The Chancellor has opted to continue the UK’s long-running game of energy policy roulette with further short-term sticking plasters as opposed to a coherent strategy to deliver secure and affordable power and heating.

Some of the announcements in last week’s Budget were certainly welcome, including the long-overdue decision to bring an end to the “prepayment premium” charged to more than four million UK households.

Users of prepayment meters have historically paid more because energy companies had to send staff around to empty what were once coin-operated electricity and gas meters, which increased running costs. However, it has been common practice for many years for users to top up at shops using a card or key fob, eliminating the need to collect cash from homes.

Chancellor Jeremy Hunt said that as of July 1, energy costs for those with prepayment meters will be brought “in line with comparable direct debit charges”, bringing an end to “the premium paid by our poorest households”.

HeraldScotland: Jeremy Hunt delivered his first full Budget as Chancellor on March 15Jeremy Hunt delivered his first full Budget as Chancellor on March 15 (Image: Copyright: Archant 2018)

Well, better late than never. No one is going to denounce the demise of a patently unfair system – particularly at a time when every penny is a prisoner – but then again the estimated savings of £45 a year is a drop in the ocean compared to bills more than double what they were two years ago.

Mr Hunt also announced a U-turn on the energy support bill which for the last six months has capped prices for the average UK household at £2,500 per year. The Energy Price Guarantee (EPG) – which limits the amount that households pay per unit of gas or electricity until October 2024 – was due to increase to £3,000 from April.

The EPG is different to what is commonly known as the energy price cap set by industry regulator Ofgem, which limits what companies can charge while still allowing them some profit. Because the EPG is lower than the energy price cap – which rose from £1,277 per year in October 2021 to £4,279 in January 2023 – the government has been paying the difference to energy companies.


That said, a 70% decline on prices that have increased by more than 230% doesn’t get us anywhere close to the cost of gas and electricity prior to the current energy crisis. The squeeze on consumer budgets will continue, particularly as the Energy Bills Support Scheme which has returned £66 to every household in each of the last six months will close as planned at the end of this month.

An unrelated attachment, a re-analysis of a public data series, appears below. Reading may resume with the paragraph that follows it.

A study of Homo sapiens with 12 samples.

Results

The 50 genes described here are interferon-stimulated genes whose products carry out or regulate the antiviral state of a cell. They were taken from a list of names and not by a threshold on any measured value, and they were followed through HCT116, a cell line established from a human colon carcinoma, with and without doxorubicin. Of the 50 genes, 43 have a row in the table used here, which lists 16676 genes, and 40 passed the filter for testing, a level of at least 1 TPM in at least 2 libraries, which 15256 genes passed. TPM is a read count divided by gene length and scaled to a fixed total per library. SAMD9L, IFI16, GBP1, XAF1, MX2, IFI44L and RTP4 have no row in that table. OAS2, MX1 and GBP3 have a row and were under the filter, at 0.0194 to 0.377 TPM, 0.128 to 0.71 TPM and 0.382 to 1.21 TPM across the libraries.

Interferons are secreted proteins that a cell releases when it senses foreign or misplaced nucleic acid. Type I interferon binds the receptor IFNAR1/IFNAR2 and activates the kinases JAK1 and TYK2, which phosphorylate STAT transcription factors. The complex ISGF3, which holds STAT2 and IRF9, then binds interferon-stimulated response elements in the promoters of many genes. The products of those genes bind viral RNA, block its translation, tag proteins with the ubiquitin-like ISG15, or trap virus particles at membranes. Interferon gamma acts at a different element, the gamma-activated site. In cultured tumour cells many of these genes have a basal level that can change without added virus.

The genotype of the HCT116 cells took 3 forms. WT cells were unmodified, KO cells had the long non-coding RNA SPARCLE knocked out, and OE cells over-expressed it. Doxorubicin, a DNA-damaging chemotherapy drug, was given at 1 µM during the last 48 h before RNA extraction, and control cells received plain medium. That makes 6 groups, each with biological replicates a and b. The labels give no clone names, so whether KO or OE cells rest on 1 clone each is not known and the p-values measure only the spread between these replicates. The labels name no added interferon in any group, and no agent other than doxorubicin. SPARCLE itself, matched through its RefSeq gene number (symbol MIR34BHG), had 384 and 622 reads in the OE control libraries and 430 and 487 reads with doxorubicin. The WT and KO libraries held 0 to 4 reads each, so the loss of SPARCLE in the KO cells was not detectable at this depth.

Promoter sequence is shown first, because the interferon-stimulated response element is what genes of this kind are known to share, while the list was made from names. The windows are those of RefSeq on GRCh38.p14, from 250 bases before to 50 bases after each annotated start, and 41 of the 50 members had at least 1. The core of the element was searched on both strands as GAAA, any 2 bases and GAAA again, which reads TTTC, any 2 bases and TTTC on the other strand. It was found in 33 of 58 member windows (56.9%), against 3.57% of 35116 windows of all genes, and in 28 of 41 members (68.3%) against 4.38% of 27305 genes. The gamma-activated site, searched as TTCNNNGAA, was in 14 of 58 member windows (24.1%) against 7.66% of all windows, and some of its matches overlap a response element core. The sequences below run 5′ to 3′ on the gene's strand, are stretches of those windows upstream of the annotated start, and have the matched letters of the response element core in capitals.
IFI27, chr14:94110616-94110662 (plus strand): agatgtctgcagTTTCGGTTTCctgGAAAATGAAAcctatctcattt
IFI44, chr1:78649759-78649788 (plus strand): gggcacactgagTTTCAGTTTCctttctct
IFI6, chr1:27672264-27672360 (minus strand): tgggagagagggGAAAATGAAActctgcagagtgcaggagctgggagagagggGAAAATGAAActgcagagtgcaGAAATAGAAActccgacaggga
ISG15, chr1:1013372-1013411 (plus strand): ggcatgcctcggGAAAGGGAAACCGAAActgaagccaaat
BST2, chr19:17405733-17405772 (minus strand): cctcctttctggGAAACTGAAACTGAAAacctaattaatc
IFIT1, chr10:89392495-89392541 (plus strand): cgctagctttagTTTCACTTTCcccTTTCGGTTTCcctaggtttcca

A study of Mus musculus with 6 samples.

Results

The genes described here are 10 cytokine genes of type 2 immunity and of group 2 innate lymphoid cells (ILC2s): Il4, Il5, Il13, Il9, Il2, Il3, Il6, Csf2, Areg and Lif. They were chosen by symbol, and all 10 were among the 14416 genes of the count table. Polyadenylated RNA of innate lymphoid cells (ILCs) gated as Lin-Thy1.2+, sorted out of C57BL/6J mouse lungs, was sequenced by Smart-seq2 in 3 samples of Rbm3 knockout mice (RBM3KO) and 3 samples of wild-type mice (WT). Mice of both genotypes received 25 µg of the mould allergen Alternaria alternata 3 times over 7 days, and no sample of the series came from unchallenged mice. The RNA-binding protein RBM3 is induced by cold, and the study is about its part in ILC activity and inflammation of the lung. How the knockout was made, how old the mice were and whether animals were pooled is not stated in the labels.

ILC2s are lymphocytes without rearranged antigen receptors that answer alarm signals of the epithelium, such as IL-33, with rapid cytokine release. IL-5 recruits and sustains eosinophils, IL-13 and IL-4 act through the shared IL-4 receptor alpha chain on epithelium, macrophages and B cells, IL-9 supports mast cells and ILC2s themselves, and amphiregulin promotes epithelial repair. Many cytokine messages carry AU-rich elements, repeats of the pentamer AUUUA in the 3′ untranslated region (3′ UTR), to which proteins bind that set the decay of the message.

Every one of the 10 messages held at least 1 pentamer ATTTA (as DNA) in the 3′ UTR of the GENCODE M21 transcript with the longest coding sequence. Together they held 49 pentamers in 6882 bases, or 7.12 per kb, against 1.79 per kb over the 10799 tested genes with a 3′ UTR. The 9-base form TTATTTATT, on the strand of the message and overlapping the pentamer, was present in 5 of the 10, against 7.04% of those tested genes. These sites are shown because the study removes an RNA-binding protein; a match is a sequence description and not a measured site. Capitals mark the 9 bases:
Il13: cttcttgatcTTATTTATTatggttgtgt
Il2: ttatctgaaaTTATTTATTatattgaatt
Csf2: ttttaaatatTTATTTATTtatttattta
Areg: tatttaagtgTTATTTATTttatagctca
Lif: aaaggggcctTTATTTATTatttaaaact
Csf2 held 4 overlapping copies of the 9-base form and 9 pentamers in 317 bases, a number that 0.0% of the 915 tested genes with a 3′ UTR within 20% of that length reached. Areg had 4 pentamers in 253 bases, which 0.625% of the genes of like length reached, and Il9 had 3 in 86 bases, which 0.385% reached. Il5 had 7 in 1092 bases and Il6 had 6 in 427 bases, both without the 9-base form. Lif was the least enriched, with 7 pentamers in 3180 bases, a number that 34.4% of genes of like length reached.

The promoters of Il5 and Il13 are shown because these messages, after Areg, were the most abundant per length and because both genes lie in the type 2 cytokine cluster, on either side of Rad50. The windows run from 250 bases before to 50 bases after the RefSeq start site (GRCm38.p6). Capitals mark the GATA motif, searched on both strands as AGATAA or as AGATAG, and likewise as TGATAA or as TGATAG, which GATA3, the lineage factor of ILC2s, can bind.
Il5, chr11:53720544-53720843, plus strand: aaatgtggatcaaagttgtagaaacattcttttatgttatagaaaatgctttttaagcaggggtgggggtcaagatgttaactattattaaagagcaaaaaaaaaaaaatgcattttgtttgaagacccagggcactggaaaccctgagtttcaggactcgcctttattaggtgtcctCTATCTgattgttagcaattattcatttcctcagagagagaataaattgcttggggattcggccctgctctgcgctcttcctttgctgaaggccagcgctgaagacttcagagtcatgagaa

It’s also worth noting that while the EPG will be held at £2,500 for an extra three months, there has been no equivalent assistance for small and medium-sized businesses which have had wholesale prices fixed since October under the government’s Energy Bill Relief Scheme. This will be replaced as planned in April by the scaled-back Energy Bills Discount Scheme, which will give firms a reduction on wholesale prices rather than costs being capped.


This ideal scenario is possible, but market volatility since global lockdown measures eased has proven that the only certainty is uncertainty.

Global gas prices have fallen because of the relatively mild winter across Europe, the EU’s gas stocks strategy, and China’s lockdown policies, which reduced gas demand. But China’s zero-Covid policy has come to an end, and predicting the severity of next winter’s weather is an educated guess at best.

As for gas storage, this is prime example of the UK’s knee-jerk approach to energy policy.


Previously sanguine about a lack of storage, the government has recently held talks with Centrica to find a commercially viable solution for Rough – yet more reactionary policy development.

Which brings us to what was absent from last week’s Budget: a coherent strategy to reduce energy demand.

UK homes are among the most inefficient in Europe; keeping them warm is estimated to account for 17% of all greenhouse gas emissions, with too many people paying for heat that simply escapes.


Yet even those who do have the means to upgrade are at risk of missing out amid a huge shortage of workers trained in the installation of insulation, solar panels, double glazing and heat pumps. Campaigners are calling on the government to invest in a major retraining programme to remove the staffing bottleneck.

The Energy Savings Trust says there is more than £2 billion of energy efficiency funding pledged in the 2019 Conservative Party manifesto which remains unallocated.

It is time to put this to use. Short-term price guarantees – along with campaigns to encourage the mass adoption of heat pumps that aren’t even suitable for many homes – are no substitute for a solid long-term strategy.